Looking for a home can be confusing, especially if your confusion stems from the type of housing structure. If you have an idea of the kind of home you want or why you’re choosing a specific house type, you’d be more confident to search for houses for sale or rent. Here is a primer on the three housing types that are often interchanged: apartment, townhouse, and condominium.
The main determinant of an apartment is it’s rented. The entire apartment building or block is owned by a single person or entity and rented out to tenants.
Apartments may be attached, with common or individual entrances, or a walkup building with two to three stories. An apartment building may be divided by floor or by multiple units on a floor, which are accessible by stairway or elevator. Some structures are called mansion apartments, houses that were built for single-family occupancy, but transformed into an apartment. Outside, the structure looks like a typical single-family home, but the interiors have been divided and given individual entrances.
Apartments have common areas and amenities. Basic to midrange units may have a lobby, elevator or stairway, laundry area, and garden. High-end apartments offer other amenities such as a covered garage, fitness center, swimming pool, balcony, childcare center, playground, business center, and community room.
Apartment residents are responsible for maintaining the interior of their home, but the hallways and other common areas are the duty of apartment managers or landlords. ;
Pros and Cons
Apartments are your best option if you’re staying in a place temporarily; for instance, if your company assigned you a non-permanent posting in another city. You don’t need to spend much on a home. You also don’t have to pay the Homeowners Association (HOA) fee. Making structural changes, however, isn’t allowed. Even interior renovations are limited. Also, not all apartments come with free parking.
Unlike apartments, townhomes are often owned by the resident, unless it was rented out to them by the owner. ; The townhome owner owns the structure, plus the land, the lawn, backyard, and other exterior spaces within the lot. The row or complex of townhouses is composed of homes with different owners.
A townhome is a row or block of homes attached by one or two walls and extends up to three stories or higher. Each townhome has its private entrance, but the townhome complex may have a common entrance.
Townhomes may have a garden, yard, garage, and balcony. It all depends on the home design and the regulations of the HOA. HOA members can agree to have certain common areas and amenities constructed. They may also decide to hire or sign up for specific services such as snow removal, lawn maintenance, and trash pickup. HOA fees may also cover insurance.
Since residents own both the interior and exterior of their townhome, they’re responsible for cleaning and maintaining these spaces. They are free to make improvements to their property as long as it’s within the lot they own. The HOA may also opt to hire a professional cleaning and maintenance service for common areas and amenities. ;
Pros and Cons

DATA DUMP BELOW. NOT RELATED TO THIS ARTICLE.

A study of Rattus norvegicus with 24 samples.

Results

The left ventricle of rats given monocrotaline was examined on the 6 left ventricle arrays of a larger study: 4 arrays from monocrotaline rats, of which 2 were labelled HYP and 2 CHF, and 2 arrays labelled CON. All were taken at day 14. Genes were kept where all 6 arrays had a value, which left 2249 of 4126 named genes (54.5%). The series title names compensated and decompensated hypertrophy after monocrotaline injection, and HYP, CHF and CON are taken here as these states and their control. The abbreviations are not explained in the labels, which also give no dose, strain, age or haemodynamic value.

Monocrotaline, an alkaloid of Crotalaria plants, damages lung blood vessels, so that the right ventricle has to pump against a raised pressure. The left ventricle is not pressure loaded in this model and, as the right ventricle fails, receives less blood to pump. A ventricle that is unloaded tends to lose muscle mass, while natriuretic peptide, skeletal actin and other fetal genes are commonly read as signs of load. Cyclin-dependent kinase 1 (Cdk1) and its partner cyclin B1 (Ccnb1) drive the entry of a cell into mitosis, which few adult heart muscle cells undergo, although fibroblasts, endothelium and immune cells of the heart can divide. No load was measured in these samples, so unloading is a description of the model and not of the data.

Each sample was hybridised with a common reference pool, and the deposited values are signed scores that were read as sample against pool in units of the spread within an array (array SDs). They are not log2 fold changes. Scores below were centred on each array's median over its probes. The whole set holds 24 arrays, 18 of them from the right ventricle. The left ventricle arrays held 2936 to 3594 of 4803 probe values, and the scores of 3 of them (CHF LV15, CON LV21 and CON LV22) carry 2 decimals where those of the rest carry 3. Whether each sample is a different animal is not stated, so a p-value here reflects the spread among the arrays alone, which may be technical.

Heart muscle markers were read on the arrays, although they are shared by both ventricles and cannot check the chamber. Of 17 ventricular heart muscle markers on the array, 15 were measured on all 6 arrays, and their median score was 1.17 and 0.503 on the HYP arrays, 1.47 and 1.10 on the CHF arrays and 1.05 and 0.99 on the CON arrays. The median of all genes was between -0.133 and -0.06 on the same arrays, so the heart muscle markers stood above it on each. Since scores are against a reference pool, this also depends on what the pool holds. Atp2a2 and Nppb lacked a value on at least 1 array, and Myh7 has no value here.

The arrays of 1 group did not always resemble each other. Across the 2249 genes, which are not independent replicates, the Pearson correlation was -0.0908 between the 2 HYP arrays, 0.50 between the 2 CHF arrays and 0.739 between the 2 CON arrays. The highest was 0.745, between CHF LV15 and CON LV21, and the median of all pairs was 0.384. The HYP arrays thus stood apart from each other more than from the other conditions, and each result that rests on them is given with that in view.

If you want to own a home, but don’t want a big lot, a townhouse will be perfect. It’s affordable than a single-detached home, but you still own the land on which it stands. As such, your house’s value has the potential to appreciate. You’ll have a bigger floor area than an apartment, too. Plus, you’ll have the freedom to make improvements as you wish. The downside is you may have to contend with a home that looks like everyone else’s. Some HOA may also require uniformity, such as using one color of paint for outside walls.
Condominiums are the most confusing of the three if you rely on their appearance. Some condos don’t look any different from rental apartments or multilevel townhouses. But like townhomes, they’re owned by various people. Some condo owners may opt to rent out their units, too. Condo owners exclusively own the unit or units they bought, but not the exterior spaces or the land on which the building stands. The HOA jointly owns the latter.
Condos are separate homes housed in one building or series of buildings within a piece of land. Each building has a main entrance, lobby or reception, elevator, and hallways. ;
Many condo developments now offer trendy or luxurious amenities such as pool terraces, putting greens, tennis courts, outdoor kitchens, firepits, co-working spaces, bike and stroller storage, spa, library, game room, and movie room. This is on top of the standard gym or fitness center, swimming pool, playground, childcare center, and pet care service.
All maintenance activities outside of a condo unit is the responsibility of the condominium property management or administrative staff hired by the HOA. HOA fees go to trash pickup, security guards, cleaning and maintenance personnel, gardeners, pool cleaners, as well as maintenance of elevators, hallways, and landscaping.
Pros and Cons
Most condominiums are near workplaces in the city. If you plan to get a condo, you can easily find one near your office. Condos are not as pricey as a townhouse or single-detached home. You also have the freedom to renovate within the approved guidelines of the building. What you lack in condos is space, unless you’re willing to spend more for a bigger condo unit. Still, even if you invest in a large and spacious condominium unit, you still don’t own the land exclusively. On the other hand, in terms of maintenance and amenities, you’ll have the best of both worlds.